Please use this identifier to cite or link to this item: http://hdl.handle.net/2122/15267
Authors: Cheng, Lijing* 
Abraham, John* 
Trenberth, Kevin* 
Fasullo, John* 
Boyer, Tim* 
Mann, Michael E.* 
Zhu, Jiang* 
Wang, Fan* 
Locarnini, Ricardo* 
Li, Yuanlong* 
Zhang, Bin* 
Tan, Zhetao* 
Yu, Fujiang* 
Wan, Liying* 
Chen, XingRong* 
Song, Xiangzhou* 
Liu, Yulong* 
Reseghetti, Franco* 
Simoncelli, Simona* 
Gouretski, Viktor* 
Chen, Gengxin* 
Mishonov, Alexey* 
Reagan, Jim* 
Title: Another Record: Ocean Warming Continues through 2021 despite La Niña Conditions
Journal: Advances in Atmospheric Sciences 
Series/Report no.: /39 (2022)
Publisher: Springer
Issue Date: 11-Jan-2022
DOI: 10.1007/s00376-022-1461-3
URL: https://link.springer.com/article/10.1007%2Fs00376-022-1461-3
Keywords: ocean warming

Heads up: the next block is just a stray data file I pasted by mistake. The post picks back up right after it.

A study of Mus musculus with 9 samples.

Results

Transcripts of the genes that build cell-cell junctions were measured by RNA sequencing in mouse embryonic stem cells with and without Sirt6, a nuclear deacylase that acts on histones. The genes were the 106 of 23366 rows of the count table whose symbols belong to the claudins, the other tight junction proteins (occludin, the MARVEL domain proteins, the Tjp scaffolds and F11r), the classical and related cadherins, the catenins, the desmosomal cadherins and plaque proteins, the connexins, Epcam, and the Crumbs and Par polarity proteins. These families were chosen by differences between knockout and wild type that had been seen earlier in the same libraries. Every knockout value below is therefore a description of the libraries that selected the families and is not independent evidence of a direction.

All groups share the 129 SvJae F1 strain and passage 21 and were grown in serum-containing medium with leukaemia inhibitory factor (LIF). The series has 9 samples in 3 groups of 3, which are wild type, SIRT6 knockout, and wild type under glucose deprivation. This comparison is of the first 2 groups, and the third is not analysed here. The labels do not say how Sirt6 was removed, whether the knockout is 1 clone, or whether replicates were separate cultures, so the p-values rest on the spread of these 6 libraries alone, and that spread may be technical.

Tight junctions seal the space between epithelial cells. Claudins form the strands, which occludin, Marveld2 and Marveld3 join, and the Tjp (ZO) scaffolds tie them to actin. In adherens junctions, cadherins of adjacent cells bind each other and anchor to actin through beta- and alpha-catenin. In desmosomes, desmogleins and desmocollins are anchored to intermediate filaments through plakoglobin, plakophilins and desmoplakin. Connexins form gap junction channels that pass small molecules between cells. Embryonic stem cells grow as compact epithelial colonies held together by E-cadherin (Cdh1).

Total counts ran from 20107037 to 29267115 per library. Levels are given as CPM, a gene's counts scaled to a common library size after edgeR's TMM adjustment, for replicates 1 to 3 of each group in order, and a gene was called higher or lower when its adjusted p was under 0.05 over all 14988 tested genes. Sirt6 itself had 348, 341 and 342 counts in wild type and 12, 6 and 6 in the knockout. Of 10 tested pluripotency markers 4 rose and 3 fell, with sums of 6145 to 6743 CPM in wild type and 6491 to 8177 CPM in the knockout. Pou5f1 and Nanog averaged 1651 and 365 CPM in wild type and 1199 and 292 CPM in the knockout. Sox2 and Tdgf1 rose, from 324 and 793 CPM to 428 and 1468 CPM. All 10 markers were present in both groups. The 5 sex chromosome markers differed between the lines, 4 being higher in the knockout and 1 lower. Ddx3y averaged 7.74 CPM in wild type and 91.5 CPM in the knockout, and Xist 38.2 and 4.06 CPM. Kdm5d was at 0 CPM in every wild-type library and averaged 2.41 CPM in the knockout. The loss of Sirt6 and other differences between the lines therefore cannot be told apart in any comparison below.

Abstract: The increased concentration of greenhouse gases in the atmosphere from human activities traps heat within the climate system and increases ocean heat content (OHC). Here, we provide the first analysis of recent OHC changes through 2021 from two international groups. The world ocean, in 2021, was the hottest ever recorded by humans, and the 2021 annual OHC value is even higher than last year’s record value by 14 ± 11 ZJ (1 zetta J = 1021 J) using the IAP/CAS dataset and by 16 ± 10 ZJ using NCEI/NOAA dataset. The long-term ocean warming is larger in the Atlantic and Southern Oceans than in other regions and is mainly attributed, via climate model simulations, to an increase in anthropogenic greenhouse gas concentrations. The year-to-year variation of OHC is primarily tied to the El Niño-Southern Oscillation (ENSO). In the seven maritime domains of the Indian, Tropical Atlantic, North Atlantic, Northwest Pacific, North Pacific, Southern oceans, and the Mediterranean Sea, robust warming is observed but with distinct inter-annual to decadal variability. Four out of seven domains showed record-high heat content in 2021. The anomalous global and regional ocean warming established in this study should be incorporated into climate risk assessments, adaptation, and mitigation.